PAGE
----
Adults, Life in General
Adults, Life in General
Having SMA and becoming a parent
Josh, Molly and Julian each share their experiences of having SMA and becoming a parent in our Community Voices.
All families have challenges, both practical and emotional. Ups and downs aren’t unusual, but if they’re feeling unmanageable, it may be helpful to talk with someone other than family or friends.
Online groups and forums can provide peer support, tips and ideas for parents who have SMA.
Young Minds – online information and resources for parents and phone helpline for parents worried about a child or young person under 25 years.
Relate – support people to make the most of family relationships. Help for people of all ages, backgrounds, sexual orientations and gender identities to strengthen their relationships; information and offer family counselling.
In a conversation about their lives called ‘Hitting Our Forties‘, Toby (SMA UK Trustee) and Andi (from TreatSMA) talk about getting kicked out of university, mental health, treatment, work, healthcare, support and more…
You can join the Adults’ Network to meet up with people. There are many other virtual groups and networks on Facebook, WhatsApp and Instagram. We have listed a number of these on this Online Communities page.
You can listen to, watch or read what young people, adults and others have to say in Community Voices, Podcasts, Videos and Stories. Find out more.
Popular with many adults and families in the SMA Community, an assistance dog could help you with practical tasks, such as:
- picking up dropped items such as your mobile, remote control or keys
- opening and closing doors
- helping with dressing and undressing
- helping with physiotherapy routines
- loading and emptying the washing machine
- pressing the button at a pedestrian crossing
- reaching up to shop-counters.
Registered assistance dogs should be allowed to go with their owner into many public places, such as shops, restaurants and to travel on public transport.
There is however a ‘but’, which is that an assistance dog is a serious commitment that needs a lot of thought and planning.
If you’re interested, there are several organisations that can give advice. Some train and provide their own dogs; others provide training for people who already have a pet dog. Each organisation has its own application process and training scheme and can give information and advice about the responsibilities of dog owners as well.
An assistance dog can provide loyal and unconditional friendship and company. They, and dogs in general, can also be a great ice breaker and way of meeting and talking to people when you’re out and about.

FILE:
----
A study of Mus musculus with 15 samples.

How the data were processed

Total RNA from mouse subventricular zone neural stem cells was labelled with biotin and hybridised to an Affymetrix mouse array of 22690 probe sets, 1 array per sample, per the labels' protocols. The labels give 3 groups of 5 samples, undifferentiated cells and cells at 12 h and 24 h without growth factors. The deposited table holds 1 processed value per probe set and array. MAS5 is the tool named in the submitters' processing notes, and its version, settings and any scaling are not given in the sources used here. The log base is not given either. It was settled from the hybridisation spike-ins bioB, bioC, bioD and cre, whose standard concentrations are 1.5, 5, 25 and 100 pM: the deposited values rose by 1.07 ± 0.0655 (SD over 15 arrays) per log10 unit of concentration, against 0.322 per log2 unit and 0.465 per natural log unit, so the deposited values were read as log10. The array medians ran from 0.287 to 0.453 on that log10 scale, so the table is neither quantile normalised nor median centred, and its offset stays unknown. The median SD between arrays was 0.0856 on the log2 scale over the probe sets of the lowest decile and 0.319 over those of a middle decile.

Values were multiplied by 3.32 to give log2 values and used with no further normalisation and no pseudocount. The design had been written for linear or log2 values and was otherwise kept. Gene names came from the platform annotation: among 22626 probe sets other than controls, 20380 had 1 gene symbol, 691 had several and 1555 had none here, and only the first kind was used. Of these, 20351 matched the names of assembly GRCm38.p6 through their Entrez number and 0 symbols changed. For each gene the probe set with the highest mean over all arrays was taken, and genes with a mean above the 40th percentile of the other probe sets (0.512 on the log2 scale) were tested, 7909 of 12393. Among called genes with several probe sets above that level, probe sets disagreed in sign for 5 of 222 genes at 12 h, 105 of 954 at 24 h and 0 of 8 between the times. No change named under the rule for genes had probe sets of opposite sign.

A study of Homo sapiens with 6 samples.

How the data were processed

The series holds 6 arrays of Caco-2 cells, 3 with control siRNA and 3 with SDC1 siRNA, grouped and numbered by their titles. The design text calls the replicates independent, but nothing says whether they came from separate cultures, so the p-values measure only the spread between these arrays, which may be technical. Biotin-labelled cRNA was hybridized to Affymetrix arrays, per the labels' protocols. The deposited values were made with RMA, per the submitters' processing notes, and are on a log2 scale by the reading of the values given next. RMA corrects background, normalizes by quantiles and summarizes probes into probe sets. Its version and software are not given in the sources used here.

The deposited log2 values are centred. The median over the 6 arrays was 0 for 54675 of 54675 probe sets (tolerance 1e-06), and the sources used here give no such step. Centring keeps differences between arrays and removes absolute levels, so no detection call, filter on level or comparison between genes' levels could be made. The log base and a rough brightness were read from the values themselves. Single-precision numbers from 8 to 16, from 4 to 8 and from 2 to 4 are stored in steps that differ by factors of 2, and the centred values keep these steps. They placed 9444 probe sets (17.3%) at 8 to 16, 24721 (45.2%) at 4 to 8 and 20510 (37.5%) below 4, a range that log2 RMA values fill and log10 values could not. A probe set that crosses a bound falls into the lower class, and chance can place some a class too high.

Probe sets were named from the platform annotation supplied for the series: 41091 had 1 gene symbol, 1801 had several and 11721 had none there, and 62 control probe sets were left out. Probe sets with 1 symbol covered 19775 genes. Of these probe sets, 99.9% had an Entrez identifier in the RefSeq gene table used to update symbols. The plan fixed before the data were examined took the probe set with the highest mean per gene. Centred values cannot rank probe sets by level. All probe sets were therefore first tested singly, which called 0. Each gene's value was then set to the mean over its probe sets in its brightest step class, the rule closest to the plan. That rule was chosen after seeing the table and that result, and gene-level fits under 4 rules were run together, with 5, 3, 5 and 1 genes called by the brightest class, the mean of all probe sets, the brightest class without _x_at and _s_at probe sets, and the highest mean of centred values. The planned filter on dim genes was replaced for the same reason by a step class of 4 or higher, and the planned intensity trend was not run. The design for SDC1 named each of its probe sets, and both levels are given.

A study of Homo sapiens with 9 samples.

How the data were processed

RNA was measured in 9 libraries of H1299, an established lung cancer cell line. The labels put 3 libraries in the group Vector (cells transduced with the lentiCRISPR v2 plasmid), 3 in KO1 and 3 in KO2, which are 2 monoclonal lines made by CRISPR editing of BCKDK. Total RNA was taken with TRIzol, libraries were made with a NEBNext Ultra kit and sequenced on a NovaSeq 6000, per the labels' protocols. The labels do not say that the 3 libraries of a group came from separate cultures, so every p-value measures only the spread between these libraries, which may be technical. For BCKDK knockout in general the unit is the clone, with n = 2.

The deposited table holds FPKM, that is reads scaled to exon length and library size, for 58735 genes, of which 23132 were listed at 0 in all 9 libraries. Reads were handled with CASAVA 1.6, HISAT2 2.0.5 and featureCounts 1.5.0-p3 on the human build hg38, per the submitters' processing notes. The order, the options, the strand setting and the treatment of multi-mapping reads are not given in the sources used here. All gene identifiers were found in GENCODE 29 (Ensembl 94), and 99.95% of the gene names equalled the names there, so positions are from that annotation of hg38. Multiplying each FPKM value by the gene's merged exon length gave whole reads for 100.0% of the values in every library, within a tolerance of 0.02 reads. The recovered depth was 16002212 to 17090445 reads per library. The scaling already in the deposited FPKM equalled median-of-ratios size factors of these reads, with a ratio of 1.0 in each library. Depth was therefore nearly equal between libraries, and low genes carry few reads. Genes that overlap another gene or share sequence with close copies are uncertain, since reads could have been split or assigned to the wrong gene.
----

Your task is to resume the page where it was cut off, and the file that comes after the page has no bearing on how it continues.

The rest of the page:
You may decide that you don’t want an Assistance Dog but a well trained family dog can be a great addition and companion:
- Sunny Every Day
In March 2018, Martyn and his fiancée, Kasia, got their dog Sunny – find out why they decided to go for it and what Sunny means to them.
- Marni – with Dylan the Goldendoodle & Buttercup the Chihuahua
Marni, who has SMA Type 2, shares what Dylan and Buttercup mean to her.
- Ross & Ralph
Ross, who has SMA Type 2, introduces his golden cockapoo called Ralph!
Links to relevant sources of information, advice and support are given in the different sections of Living With SMA. Sometimes you may need extra advice, support or legal advice. There are website links below for some organisations which may be useful. We may be able to find other sources of support depending on where you live and your individual circumstances: contact Support & Outreach.
Advice & Advocacy Services:
Advocacy involves another person assisting you to find information you need, supporting you to express your views and wishes and to stand up for your rights. The person who supports you to do this would be your advocate; what they actually do depends on your situation and the support you want, but their role is always to support your choices. Some advocates are in paid roles, others are volunteers.
ACAS (Advisory, Conciliation, and Arbitration Service): advice and guidance on a range of employment related subjects for both employers and employees.
Advicelocal: information relating to: welfare benefits and tax credits; council tax, including exemptions and discounts; debt and money advice; housing and homelessness; employment and work issues; disability and social care; asylum and immigration. Search by postcode and topic for links to information for your area, including details of independent advice organisations.
Citizens Advice (CA): online information and advice on a range of issues including benefits, work, money, housing and the legal system.
Voiceability – NHS Complaints Advocacy: a free and independent service which supports patients in complaining about their NHS care.
Legal Advice and Services
The following provide information about legal aid and how to find a solicitor:
- England and Wales: Civil Legal Advice
- Scotland: Scottish Legal Aid Board
- Northern Ireland: Department of Justice
Law Centres Network: provide services for people who cannot afford a lawyer. Search to see if there is one local to you. They variously specialise in social welfare law, covering issues such as Welfare rights, Disability rights, Community care and more. All offer face-to-face advice to local residents and some run a phone advice line.